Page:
Yes, Two Kittens are Better than One

Updated: Jun 5, 2023

There are lots of benefits to adopting kittens together including having a playmate to run around with, reduced play aggression and reduced loneliness.

Sibling kittens
Josh and Maya are siblings, adopted together at 13 weeks old.

Years ago, I would add a new cat to our family by adopting a kitten. I never really thought about the impact that may have on the adult cats and the single kitten. Although the cats ended up being friends, I would no longer do it that way. I've since adopted 2 sets of kittens, and a kitten when the others were still young enough that they make good playmates. It's been a wonderful experience for all of us, though I don't recommend 5 cats unless you have plenty of time to commit to playing, feeding and providing tons of vertical space and environmental enrichment.


From my observations, adopting two at the same time makes a huge difference in their level of happiness. Some argue that your cat will bond better with you if they are single. I strongly disagree with this argument. Paired kittens should have no issue bonding with their guardians. Just like us, they can have multiple relationships in their lives.


Many shelters and rescues will no longer adopt out a single kitten unless there’s already a young cat at home. Having a buddy helps with a kitten's behavioral and emotional development.


6 Reasons to Adopt Kittens Together


They are Social Animals


Cats enjoy the company of their own species. Oftentimes, kittens are adopted together as siblings so they already have an established relationship. Sometimes rescues pair kittens of similar age together. My cats, Luke and Lily, were paired together at 5 weeks old, and have a very close relationship. From day one in our home, they were grooming each other and playfully chasing each other. Seven years later, Luke and Lily still groom each other daily and engage in play fighting.


Having a buddy provides Easy Entertainment


Indoor cats can become bored and lonely. Kittens have a ton of energy, and need a lot of stimulation and play time. Having a 2nd kitten allows them to play together, wrestle and have a partner to run around with. This works out great when guardians go to work or away on vacation since a cat sitter's visit is typically brief. Two kittens running around together is also so very fun to watch.


Prevents Play Aggression


Two kittens will play with each other a lot. I do still recommend playing with them using a wand toy at least twice per day since cats have a strong prey drive and need to practice hunting. I rarely see play aggression cases with multiple cats. It's often a single cat and they stalk and pounce on their owner, if they don’t get enough directed playtime. With 2 kittens, they always have a playmate. But, please, still play with them using a wand toy. Otherwise, their play may become intense over time.


Social Learning & Training


Kittens learn from each other. As observational learners, if one picks up using the litter box first, the other will see his sister doing it, and likely follow suit. When they are playing together, they also learn bite inhibition by testing out boundaries on each other. This benefits you by having a kitten learning not to bite.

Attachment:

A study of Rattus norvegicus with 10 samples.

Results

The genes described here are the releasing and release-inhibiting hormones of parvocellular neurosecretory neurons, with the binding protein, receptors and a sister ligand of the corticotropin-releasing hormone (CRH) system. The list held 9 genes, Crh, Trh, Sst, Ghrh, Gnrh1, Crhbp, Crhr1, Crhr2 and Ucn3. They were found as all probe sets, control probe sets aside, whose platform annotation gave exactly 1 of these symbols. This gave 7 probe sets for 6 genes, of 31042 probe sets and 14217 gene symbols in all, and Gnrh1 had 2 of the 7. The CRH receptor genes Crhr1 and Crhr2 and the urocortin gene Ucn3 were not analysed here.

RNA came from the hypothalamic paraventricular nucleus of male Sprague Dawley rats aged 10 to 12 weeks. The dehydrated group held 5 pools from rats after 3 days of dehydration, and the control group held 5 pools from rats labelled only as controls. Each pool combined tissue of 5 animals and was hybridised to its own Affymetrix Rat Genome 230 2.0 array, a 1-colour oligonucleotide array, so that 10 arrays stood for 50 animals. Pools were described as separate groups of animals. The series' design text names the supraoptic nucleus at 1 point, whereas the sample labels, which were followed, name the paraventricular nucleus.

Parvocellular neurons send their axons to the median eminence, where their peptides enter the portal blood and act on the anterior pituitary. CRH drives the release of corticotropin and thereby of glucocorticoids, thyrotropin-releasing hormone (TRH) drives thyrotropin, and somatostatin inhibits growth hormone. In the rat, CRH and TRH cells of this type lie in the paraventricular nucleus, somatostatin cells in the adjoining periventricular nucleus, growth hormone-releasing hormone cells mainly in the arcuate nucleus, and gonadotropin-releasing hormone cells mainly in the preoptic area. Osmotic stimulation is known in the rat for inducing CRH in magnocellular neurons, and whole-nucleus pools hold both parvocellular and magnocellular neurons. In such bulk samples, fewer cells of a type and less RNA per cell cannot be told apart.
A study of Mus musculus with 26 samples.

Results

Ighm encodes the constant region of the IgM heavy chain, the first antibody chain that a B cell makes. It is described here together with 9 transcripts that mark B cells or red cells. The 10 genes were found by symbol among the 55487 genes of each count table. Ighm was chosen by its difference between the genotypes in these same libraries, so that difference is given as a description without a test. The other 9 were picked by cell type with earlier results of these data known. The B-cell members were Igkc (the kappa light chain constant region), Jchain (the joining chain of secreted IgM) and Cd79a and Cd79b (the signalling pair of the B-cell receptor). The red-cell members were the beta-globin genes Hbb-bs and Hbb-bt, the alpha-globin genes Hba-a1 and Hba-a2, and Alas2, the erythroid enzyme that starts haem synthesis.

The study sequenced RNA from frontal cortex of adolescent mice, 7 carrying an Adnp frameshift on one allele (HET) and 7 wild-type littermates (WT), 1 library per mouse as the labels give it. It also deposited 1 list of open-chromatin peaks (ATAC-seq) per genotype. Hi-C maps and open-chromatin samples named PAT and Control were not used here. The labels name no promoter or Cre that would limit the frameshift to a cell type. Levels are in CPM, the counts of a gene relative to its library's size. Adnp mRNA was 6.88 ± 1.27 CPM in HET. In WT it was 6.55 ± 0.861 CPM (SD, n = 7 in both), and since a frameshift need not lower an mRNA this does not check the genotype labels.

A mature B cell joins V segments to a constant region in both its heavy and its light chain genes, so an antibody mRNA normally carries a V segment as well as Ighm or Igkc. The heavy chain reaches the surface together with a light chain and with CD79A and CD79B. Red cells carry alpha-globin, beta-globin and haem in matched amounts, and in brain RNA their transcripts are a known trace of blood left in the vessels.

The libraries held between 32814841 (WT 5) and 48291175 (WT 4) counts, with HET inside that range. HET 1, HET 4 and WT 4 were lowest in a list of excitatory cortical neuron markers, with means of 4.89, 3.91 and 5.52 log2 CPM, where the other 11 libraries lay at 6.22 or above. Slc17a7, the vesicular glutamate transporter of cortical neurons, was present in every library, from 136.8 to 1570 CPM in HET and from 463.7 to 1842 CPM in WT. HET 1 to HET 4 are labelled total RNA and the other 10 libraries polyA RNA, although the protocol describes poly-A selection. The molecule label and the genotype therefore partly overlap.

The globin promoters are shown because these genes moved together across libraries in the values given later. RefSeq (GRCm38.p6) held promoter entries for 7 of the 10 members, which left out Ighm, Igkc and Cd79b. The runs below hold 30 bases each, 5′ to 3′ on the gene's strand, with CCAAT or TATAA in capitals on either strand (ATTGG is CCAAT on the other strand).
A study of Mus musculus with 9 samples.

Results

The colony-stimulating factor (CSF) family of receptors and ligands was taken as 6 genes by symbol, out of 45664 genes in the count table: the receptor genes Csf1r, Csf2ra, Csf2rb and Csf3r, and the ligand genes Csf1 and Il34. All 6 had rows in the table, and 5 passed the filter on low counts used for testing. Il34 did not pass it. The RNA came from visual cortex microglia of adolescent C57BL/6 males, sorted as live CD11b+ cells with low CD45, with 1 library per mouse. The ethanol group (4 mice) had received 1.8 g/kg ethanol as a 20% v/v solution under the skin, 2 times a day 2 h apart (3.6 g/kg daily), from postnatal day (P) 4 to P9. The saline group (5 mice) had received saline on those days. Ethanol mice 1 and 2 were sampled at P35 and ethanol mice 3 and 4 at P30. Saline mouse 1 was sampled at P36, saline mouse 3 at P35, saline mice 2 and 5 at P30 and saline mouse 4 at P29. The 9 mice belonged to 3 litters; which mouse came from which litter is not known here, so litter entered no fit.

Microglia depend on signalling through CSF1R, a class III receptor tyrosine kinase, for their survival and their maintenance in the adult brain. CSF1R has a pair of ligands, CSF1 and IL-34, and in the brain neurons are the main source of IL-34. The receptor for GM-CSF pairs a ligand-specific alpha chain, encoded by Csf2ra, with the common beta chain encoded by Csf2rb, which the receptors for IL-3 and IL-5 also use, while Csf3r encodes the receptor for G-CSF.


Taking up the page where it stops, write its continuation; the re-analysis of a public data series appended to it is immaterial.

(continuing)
A Kitten's Energy can be Challenging for Older Pets


If you have an adult cat at home, adopting 2 kittens may be a better option so that they will play with each other and not bother the adult cat as much. When I did this, my senior cat, Abby, really enjoyed watching the kittens, but they knew to leave her alone (she would bop them on the head if they came too close). Unfortunately, a lot of people contact me that their older cat does not want anything to do with their new kitten. It's not good for the older cat who wants to be left alone, and it's not good for the kitten who just wants a playmate.


If you already have an older pet at home, think seriously about how this will impact their life. It may not be in their best interest to add additional pets to the family. Letting them lead out their senior years in peace may be the kindest thing to do. With Abby, getting the kittens was risky, but she seemed to be not doing well as the only pet at home. At that time, I was working out of the home and was busy with a young son. The kittens were a good thing for her. And because they had each other to play with, they left her alone.


No Introduction Process


Many times people realize they want a 2nd cat, and then they have to go through the slow introduction process to properly introduce the new cat to the resident cat. This can be tricky and may not always work out. By adopting 2 siblings or buddies, you don’t have to go through this. Approximately half of the consultations I do are helping clients introduce cats to each other. Adopting 2 kittens prevents you from going through this.


Bonus Reason


Two times the cuteness, cuddles, and love!


Kittens are so very cute, who would not want two of them? Also, if one kitten bonds with you, the other might bond with your partner or family member. Sometimes, a member of the family feels left out if the kitten is not as bonded with them. When you adopt two, there's a higher likelihood that everyone will have a kitten to feel close to. So, go ahead, get two kittens. You won't regret it.


Two adorable kittens
Luke and Lily in their first week home with us

Allogrooming between cats
Lily grooms Luke. They are still very close, 7 years after the adoption.

About the author: Jennifer Van de Kieft is a Certified Advanced Feline Training & Behavior Professional located in Brooklyn, NY. She provides virtual consultations throughout the United States. She owns Cat Advocate, a feline behavior consulting company. She provides cat guardians with the strategies, tools and knowledge needed to address their cat's behavior issues.